Flowers and Fertilizer

At 6:30 I woke up to scrying. It is a shrill scream that ends in a crying choke- the typical choice for children who have woken up (usually on the wrong side of the crib). It is now 7:50. The past hour doesn’t need explaining in detail, in case you read this over a cup of coffee or a quick lunch. I don’t want to ruin it for you.  Let’s just say I’ve accomplished a lot in this past hour. I’ve changed sheets, diapers, and clothing. I’ve fed both boys, put a load of laundry in the washer, been led by the hand to the movie drawer and handed a VeggieTales video, and put a few dishes into the newly working dishwasher. (How many men does it take to rinse out a dirty dish and put it into the dishwasher? No wife has a clue- we’ve never seen it done until the dishes are overflowing the sink.) I literally ran back and forth between children, trying to care for the most pressing need. Before long they matched the pitch of their cries. Brothers…sheesh.

As I slam dunked some trash into the can, I looked at the mail on the counter. I thought to myself, “Whew. I can’t take care of both kids’ needs at the same time! What do I do?!” That’s when I spotted a bright yellow envelope with familiar handwriting. It was a note of encouragement from a treasured friend, Jennifer. In college I had given her the nickname “Sunshine” because of her ability to encourage and uplift. She could always brighten my day.  With a sigh of relief, I opened the card. Just then a tiny hand pulled on my pants and pulled me by the hand to the next room. I call these little interruptions “suspense builders”. When I was able to safely return to the card I saw a bright card covered in flowers. At the bottom of the card in her comforting, neat penmanship read 2 Chronicles 20:12b- “We do not know what to do, but our eyes are upon You.” This verse was from Jehoshaphat as he faced potential doom and VERY challenging circumstances. I think he would have gladly handled caring for two leaking, exploding children instead.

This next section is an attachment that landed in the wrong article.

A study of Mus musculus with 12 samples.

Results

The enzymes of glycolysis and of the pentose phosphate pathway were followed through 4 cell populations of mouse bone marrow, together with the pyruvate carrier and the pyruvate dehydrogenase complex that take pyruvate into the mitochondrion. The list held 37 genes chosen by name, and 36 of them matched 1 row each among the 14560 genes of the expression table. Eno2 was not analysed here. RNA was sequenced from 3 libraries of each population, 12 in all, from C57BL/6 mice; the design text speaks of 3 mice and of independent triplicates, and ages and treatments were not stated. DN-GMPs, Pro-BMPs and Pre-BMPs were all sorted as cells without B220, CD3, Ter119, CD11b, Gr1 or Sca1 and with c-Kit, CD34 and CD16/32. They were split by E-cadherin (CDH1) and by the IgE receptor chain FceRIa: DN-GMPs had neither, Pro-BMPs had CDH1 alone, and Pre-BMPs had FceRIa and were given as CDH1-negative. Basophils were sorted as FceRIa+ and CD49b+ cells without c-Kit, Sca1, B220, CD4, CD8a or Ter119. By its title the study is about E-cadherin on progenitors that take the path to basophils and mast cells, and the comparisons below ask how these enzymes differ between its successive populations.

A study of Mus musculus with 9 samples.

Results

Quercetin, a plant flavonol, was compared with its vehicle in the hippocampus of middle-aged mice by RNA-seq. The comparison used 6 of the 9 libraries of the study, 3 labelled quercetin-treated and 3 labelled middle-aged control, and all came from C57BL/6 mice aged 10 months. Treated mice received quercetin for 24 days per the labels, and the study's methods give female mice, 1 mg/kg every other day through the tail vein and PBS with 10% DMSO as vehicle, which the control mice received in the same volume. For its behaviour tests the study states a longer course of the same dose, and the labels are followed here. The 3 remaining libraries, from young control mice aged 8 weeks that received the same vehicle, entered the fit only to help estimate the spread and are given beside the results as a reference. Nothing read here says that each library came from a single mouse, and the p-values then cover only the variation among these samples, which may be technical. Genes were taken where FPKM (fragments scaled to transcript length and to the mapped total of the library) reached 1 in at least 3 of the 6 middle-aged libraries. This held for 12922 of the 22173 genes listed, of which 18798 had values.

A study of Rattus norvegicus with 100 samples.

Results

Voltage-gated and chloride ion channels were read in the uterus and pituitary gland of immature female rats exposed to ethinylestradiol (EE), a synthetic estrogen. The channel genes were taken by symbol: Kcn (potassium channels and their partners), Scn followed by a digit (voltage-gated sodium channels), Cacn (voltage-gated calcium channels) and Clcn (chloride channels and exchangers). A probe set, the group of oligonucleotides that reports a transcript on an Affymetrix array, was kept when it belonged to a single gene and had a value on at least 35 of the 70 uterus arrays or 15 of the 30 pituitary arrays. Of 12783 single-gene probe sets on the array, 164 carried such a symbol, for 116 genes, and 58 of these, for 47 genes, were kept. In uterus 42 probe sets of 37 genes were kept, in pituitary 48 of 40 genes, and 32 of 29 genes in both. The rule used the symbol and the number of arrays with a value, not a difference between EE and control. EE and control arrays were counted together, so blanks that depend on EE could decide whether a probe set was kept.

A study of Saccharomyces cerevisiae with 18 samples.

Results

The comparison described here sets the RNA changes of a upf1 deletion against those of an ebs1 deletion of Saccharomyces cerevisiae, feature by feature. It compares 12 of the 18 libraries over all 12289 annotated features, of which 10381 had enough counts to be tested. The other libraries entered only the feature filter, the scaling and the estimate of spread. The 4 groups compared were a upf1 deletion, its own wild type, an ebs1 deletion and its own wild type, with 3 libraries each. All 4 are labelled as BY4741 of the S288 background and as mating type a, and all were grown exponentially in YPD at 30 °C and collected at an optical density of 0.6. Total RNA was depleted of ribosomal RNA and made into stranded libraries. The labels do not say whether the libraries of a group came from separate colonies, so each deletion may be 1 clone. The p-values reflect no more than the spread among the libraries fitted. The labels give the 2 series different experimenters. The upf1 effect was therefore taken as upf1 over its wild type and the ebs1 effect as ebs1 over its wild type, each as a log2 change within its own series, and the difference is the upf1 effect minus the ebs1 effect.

Here was the exact answer to my earlier question.  I am a mom who is learning on the job. I have the skills required for the day. I can change diapers, pour Cheerios, make sandwiches, strip and remake beds, give baths, nurse, read books, transform into a tickle monster, and act as a human jungle gym. Beyond that, I must learn how to care for all the needs simultaneously, teaching patience but letting my little people know that I see them, hear them, and love them. I must do it all without losing my mind as well, and somehow mix in the daily chores and all the ‘little emergencies’. So how do I do it while keeping calm and sane? How do I show my children how to do the little things to God’s glory?

I do not know what to do, but my eyes are upon You.

Literally, this has been a pretty crappy morning. Then out of a bright card came encouragement and a little packet of flower seeds. How very fitting.


Fertilizer causes things to grow faster, healthier, and to be more robust. Beautiful flowers burst forth from a bed of dirt and other yuck that can often be found in my washer or on my kitchen floor 2 minutes after I mop.

On every flower a little rain must fall…and a whole lot of fertilizer. Many of my loved ones are facing hard times. There are rocks, thorns, and nutrient-lacking soil in their gardens. It’s not easy. Everyone will say that motherhood is hard and that we all face the same things. After a few moments of sympathetic pity, we have to pull it together because someone is bleeding or glass is breaking. Rain is a part of it. Still, if anything grows there has to be sun.

A dear friend’s husband was killed in a horrible car accident this weekend. With no warning, she became a widow before 30. Other storm clouds were already billowing, but now she is in a gale that could take her to Oz.


Thankfully, she is surrounded by family and friends- those who are bearing the burden and acting as rays of sunshine. Clouds may come between us and the sun, but it is still there and shining. Our circumstances just change what we can see. In those times, we must cling to what we know. We DON’T have to see it to believe it.


Without sun, nothing will grow. Flowers with potential for beauty will wither, die, or simply stay buried. We have a choice. I think flowers have the right idea; they have a hard shell at first and burst through the ground. As they gather strength, they head up and out. As they bloom, they turn to the sun so the light will shine on their faces.

Flowers are a beautiful, sweet smelling and encouraging reminder of how we are called to be to others. Today as I washed my hands of some ‘fertilizer’ that is very common in my life at this point, I was given sunshine and flowers from a friend who reminded me to keep my face pointed toward the Son.

Are you in a storm? Remember that the sun is still there.Will you be a ray of sunshine to someone today?

You don’t need to know exactly what to do. Just keep your eyes focused on the one who does.

Thanks, friends. You are my sunshine. There goes the crying. Jehoshaphat!